Canada’s Public Collections of Inuit Art

There are three significant public art galleries in Canada that exhibit sizeable collections of contemporary Inuit art. The National Gallery of Canada in Ottawa, Ontario; The McMichael Canadian Art Collection in Kleinberg, Ontario and The Winnipeg Art Gallery in Winnipeg, Manitoba, all have used public resources and private donations to assemble exemplary Inuit art collections.

The National Gallery of Canada is home to a collection of 1,400 carving, prints and drawings. It began its collection in 1956 with the purchase of its first sculpture. Since then, through gifts and annual purchases, the National Gallery has amassed this collection which includes works from Inuit artists like Kenojuak Ashevak and Jesse Oonark.

The McMichael Canadian Art Collection contains thousands of prints, drawings and carvings that comprise its own permanent collection and a long term loan of 100,000 pieces from the West Baffin Eskimo Co-operative in Cape Dorset, Nunavut.

Through a trust, the Winnipeg Art Gallery holds more than 13,000 works of contemporay Inuit art. It is the largest public collection of Inuit art in the world. To house and display this collection, the gallery has embarked on an ambitious plan to build 3,700 square metre space at the gallery. When it is built, it is anticipated the new Inuit Art Centre will become a cultural landmark in the city of Winnipeg for all to enjoy.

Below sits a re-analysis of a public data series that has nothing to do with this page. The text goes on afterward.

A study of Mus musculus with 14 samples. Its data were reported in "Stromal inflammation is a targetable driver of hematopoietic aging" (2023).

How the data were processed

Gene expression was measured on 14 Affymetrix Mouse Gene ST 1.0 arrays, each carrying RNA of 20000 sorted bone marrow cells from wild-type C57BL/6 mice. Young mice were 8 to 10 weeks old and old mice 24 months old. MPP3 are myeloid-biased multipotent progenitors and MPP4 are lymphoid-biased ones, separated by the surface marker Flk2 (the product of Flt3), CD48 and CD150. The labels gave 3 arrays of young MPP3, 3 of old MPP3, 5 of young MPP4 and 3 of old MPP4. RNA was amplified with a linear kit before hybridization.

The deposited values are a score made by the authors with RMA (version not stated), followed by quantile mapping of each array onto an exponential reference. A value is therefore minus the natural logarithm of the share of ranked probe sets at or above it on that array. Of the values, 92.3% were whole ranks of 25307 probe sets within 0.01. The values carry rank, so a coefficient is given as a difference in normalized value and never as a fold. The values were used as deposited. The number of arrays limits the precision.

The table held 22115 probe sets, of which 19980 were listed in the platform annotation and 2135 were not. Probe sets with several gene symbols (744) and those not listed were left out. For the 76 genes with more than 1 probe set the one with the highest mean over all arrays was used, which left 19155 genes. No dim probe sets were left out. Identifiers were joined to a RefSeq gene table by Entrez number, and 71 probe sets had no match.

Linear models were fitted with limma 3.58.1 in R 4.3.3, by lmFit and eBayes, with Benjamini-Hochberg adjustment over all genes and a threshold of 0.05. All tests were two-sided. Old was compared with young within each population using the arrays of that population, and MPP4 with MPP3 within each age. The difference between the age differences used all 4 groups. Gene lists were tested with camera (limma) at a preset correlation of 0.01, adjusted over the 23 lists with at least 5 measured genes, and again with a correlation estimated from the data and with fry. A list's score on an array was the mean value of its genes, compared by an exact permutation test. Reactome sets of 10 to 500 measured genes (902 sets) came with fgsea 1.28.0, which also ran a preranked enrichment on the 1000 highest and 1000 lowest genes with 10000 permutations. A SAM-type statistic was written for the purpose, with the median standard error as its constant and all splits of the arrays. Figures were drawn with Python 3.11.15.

The MacDonald Stewart Art Centre (MSAC) in Guelph, Ontario is home to a unique collection of Inuit drawings dating from 1960 to the present. Their collection exceeds 1,000 works that represent all Canadian arctic communities. After undergoing a renovation, the MSAC is reopened on September 17, 2015 as the Art Gallery of Guelph.

If and when you have the opportunity to visit Ottawa, Kleinberg, Guelph or Winnipeg, don’t miss out on the opportunity to explore these wonderful Inuit art collections.